Goals in business are what you want to accomplish professionally. Coming up with a business goal definition is gonna be a bit vague. After all, goals have many synonyms including Objectives. However, there are a few key ideas to use when you look at business goals. These apply no matter what type of goal you may be looking at. No matter what your business is or the size, however, setting business goals should be your first step.
Since goals are such a key part of every business plan, without them, your business can get way off course or even go completely under.
What Does a Goal Typically Mean in Business?
A standard business goal definition is something your write down and discuss what a group (company, team, or personal, for example) would like to achieve before a set deadline (generally, quarterly or annually). Goals at lower levels align towards the highest goals while lower level goals inform the goal-setting process for higher level company goals.
Objectives and targets are basically the same as goals. Some make distinctions between them, but they are often used interchangeably. You don’t need to worry about the specifics of what differentiates a goal from an objective. The interpretations of these are subjective and not widely agreed on.
A Few Examples of Common Business Goals
1. Grow Shareholder Value
This is about increasing the value of your organization outside of selling the product. Specificity is important in defining your business goals.
2. Increase Revenue
A general financial goal, this is attached to a set amount or percentage to reach.
3. Manage Finances and Costs
This is a catch-all for evaluating the costs for managing your business.
4. Create new features/product offers to gain new customers
This is about focusing on innovation to grow clientele.
5. Streamline current business practices
This is an evaluative goal to standardize business practices. It’s focus is alignment.
How Important are Business Goals?
The answer is obvious, but we needed a good title (get that sweet SEO). But seriously, there’s no con to setting goals and having good business goal definitions. They help your company focus, give direction for the company as a whole, and give you a method to measure your progress at every level.
Business Goals Help with Alignment
By finding a business goal definition for your company, everyone should be able to see the direction the company is moving in and how their work impacts it. By knowing exactly what you’re trying to achieve as a whole, everyone can make more informed decisions about their daily work and their projects. It also helps teams see how each other fit into the purpose of the company, providing more opportunities for collaboration.
Gain Measurable Results
Setting goals is one of the easiest ways to measure the progress you’ve made as a company. You can equally measure those goals through the Key Results you set (if you’re into the idea of OKRs) and through the Weekly Plans and projects you have.
Recording Goals Helps You Evaluate What Works and What Doesn’t
Goals involve some level of planning, meaning that goals instantly allow you to reflect on your past experiences as a company while always remaining forward-thinking. If you’re falling short on your goals, you can evaluate that in real time and reflect on what needs to change: either your methods or the goals themselves.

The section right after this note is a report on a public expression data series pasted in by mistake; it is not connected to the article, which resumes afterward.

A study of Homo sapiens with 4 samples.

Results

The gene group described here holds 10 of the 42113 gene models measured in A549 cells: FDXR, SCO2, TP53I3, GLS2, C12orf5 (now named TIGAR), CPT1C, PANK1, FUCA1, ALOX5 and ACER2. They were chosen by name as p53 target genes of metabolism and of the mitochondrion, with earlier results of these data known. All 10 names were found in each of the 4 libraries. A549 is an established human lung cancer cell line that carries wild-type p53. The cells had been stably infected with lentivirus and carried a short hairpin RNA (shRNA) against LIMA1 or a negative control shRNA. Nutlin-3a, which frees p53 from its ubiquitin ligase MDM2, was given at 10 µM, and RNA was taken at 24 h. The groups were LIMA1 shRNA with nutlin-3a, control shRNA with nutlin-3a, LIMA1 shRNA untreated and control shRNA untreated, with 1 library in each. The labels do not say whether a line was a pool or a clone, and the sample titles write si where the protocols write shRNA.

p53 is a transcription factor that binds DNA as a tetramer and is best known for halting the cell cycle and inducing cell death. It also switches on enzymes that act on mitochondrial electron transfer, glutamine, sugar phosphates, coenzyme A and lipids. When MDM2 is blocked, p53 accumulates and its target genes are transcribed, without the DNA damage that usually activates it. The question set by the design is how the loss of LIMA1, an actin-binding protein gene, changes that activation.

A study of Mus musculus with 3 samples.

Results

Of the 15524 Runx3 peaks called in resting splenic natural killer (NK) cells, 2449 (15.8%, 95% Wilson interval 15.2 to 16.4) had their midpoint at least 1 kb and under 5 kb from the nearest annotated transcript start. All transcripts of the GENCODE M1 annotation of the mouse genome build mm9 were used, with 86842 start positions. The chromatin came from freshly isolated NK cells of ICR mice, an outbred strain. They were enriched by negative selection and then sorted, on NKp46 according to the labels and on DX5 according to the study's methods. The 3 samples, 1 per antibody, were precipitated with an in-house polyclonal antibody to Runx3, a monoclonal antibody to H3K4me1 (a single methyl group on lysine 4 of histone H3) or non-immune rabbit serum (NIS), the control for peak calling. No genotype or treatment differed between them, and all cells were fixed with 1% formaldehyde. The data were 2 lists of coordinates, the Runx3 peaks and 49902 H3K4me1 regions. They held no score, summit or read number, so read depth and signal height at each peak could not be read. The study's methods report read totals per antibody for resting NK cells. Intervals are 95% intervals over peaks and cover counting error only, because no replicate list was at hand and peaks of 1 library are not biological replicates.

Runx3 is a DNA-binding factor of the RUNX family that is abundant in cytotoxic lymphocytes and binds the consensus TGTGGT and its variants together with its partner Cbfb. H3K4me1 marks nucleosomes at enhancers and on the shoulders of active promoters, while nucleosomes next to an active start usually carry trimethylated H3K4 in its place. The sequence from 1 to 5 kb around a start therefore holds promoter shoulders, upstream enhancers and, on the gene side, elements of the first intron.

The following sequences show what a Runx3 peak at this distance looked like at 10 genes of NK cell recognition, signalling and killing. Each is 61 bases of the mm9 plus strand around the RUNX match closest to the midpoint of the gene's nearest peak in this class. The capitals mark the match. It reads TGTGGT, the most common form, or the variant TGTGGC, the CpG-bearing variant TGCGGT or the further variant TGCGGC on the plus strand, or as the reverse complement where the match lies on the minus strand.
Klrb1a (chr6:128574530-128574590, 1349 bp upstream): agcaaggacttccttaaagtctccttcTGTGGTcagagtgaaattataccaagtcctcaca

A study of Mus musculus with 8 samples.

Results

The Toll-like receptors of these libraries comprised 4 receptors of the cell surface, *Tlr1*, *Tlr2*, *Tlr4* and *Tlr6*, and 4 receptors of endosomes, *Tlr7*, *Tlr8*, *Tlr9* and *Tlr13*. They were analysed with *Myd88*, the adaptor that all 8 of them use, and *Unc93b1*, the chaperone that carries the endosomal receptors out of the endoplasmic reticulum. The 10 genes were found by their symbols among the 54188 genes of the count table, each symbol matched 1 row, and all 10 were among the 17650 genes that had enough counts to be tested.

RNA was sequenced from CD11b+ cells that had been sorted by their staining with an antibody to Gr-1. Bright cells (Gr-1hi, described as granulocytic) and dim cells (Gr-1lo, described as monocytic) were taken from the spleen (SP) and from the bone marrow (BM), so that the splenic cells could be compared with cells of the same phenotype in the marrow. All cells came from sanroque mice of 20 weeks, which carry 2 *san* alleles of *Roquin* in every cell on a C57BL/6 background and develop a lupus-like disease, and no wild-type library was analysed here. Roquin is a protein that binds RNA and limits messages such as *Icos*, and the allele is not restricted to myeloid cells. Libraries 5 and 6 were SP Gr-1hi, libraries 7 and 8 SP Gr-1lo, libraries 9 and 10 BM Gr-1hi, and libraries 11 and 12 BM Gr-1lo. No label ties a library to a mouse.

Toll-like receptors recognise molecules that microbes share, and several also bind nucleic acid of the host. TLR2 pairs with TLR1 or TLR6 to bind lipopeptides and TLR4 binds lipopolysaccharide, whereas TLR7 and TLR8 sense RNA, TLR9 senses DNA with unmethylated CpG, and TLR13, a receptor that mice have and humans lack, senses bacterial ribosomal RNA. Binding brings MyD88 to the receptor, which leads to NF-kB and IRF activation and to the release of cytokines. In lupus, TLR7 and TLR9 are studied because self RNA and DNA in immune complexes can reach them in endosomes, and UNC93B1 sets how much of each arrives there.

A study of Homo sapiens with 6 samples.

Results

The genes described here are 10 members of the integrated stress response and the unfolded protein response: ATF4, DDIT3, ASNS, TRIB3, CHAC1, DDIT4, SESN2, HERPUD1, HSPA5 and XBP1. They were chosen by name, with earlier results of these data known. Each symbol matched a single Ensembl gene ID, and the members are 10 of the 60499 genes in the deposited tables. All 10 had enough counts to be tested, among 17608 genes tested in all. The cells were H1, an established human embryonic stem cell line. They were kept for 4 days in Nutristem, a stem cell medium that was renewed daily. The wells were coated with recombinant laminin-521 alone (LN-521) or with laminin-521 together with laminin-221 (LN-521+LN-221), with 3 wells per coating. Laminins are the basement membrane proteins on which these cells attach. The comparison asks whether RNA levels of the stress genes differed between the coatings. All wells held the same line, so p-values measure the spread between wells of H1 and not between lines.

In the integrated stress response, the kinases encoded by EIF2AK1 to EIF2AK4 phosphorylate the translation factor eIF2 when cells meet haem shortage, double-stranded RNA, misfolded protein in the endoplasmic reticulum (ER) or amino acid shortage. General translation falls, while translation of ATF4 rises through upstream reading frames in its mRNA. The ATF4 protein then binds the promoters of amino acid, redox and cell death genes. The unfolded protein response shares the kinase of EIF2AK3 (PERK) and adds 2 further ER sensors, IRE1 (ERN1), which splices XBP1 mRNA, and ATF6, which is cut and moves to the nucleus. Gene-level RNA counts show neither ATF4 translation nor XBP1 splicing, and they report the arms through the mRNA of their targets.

Goals as Part of Your Business Plan
Details for goals (and, by extension, what you are going to use to measure them (I.E.: Key Results) are generally included in business plans and your business goal definition. Your business plan should be a formal, public document that highlights not only your goals, but potential projects and financial forecasts as well. This should be shared with everyone at every level in the company in order to achieve alignment.
Goal Setting Mistakes
Goal setting is not a process you can make on the fly. It requires some forward thinking and reflection. Though your can adjust your business goal definition, spontaneously creating new goals often creates some serious problems.
Setting vague, unmeasurable, unfocused goals
If can't measure your business goals, you won’t know if you’re actually reaching them. If you can’t see progress towards your goal, then you aren't gonna meet it. Remember: your goals need to be specific, focused, and have a set deadline. Without these key elements, you’re gonna be at a total loss. What’s the point, after all, of setting goals if you just completely ignore them or procrastinate on them to such a degree that they are no longer achievable?
Tim Ferris has a phrase for this in his book, Tribe of Mentors: “Life punishes the vague and rewards the specific.” Your personal business goal definition should be aspirational, sure, but you need to be able to contextualize and define them outside of “succeed”or “make money.”
Setting Goals that aim too high or too low
Google has established a pretty good system for measuring goals that are aspirational, but realistic. The goal is to aim for a .7 on a 1.0 scale, or, in other words, meeting 70% of a goal’s expectations.
This is why you should connect business goals with your process models and ensure that you conduct research for your prospective numbers. A study conducted by Ivan Markovic and Marek Kowalkiewicz argues for the importance of business goals in setting up business models.
After all, goals require a broad understanding of the company as a whole instead of the specifics. The specifics are decided by specialists at the team level.
Objectives and Key Results are one of the big trending goal setting strategies (partly due to Google's use and New York Time's best seller author: John Doerr). You can use all your goal setting tips with Objectives, but by definition, OKRs ensure that your goals are measurable and focused.